EGFR – one protein’s story
EGF (epidermal growth factor) and its receptor are special to Vanderbilt University. Stanley Cohen, Ph.D., now an emeritus professor of Biochemistry, was awarded the Nobel Prize in 1986 for his discovery of EGF and its role in cell growth. Cohen and colleagues were the first to characterize the EGF receptor and describe its fundamental features.
EGF and its receptor are now known to be members of a large family of proteins, all involved together in the complex regulation of cell growth. These family members are targets for drugs designed to block the abnormal growth characteristics of cancer cells.
We all start out the same way—being pieced together like so many beaded necklaces—according to the plans. And yet, even though
we come off the same assembly lines, we are not at all the same.The plans instruct some of us to act like two-by-fours, supporting the walls. They direct others
of us to act as couriers, or janitors, or assembly line workers. Others still get sent out, to
work in the larger world.
Our world is a single cell. We are proteins.
You can think of our world, the cell, as a sort of factory—a very tiny factory, and only one among the millions
that make up the human body. It is a place busy with manufacturing. We are the factory’s products and its staff. So really, we manufacture ourselves. But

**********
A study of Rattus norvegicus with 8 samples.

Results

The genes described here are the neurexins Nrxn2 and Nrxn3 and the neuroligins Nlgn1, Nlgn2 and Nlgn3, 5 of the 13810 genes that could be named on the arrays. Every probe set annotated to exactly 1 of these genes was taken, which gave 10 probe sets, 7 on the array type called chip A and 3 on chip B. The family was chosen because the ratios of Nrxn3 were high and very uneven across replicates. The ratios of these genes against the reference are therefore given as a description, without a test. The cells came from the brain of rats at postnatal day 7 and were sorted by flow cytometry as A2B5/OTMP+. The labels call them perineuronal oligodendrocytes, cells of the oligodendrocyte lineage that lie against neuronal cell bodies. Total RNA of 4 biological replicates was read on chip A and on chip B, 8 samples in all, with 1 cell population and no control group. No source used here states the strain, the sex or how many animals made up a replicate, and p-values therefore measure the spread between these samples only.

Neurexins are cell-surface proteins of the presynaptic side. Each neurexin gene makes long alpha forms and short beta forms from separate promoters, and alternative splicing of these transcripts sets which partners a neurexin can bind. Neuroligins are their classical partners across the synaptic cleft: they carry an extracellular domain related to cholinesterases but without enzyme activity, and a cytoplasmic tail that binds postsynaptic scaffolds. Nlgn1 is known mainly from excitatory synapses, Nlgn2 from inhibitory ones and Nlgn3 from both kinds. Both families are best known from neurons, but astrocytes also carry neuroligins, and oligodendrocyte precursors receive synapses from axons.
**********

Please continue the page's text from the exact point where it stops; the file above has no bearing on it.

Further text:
without the plans.
Here’s how it works. The plans—the DNA blueprints—are stored in a central office, the nucleus, where they are cared for, you might even say coddled, by proteins. The proteins in the nucleus fancy themselves as having the most important jobs. They rush in to patch tiny tears in the blueprints. Or they copy parts of the plans to send to the assembly lines for the production of new proteins. Or they coat the DNA and keep it safe during storage. They do keep things humming in the central office, but still I’d rather have my job—at the factory wall.
I am a receptor, specifically an EGF receptor. I spend my time at the cell surface, part of me poking out of the cell, part poking in. Kind of
like the doorman who greets Dorothy and her friends at the Emerald City with his head and upper body sticking out the door, the rest safely
inside. I will tell you about what I do at the cell surface, but first I want to give you a little background on how I got here.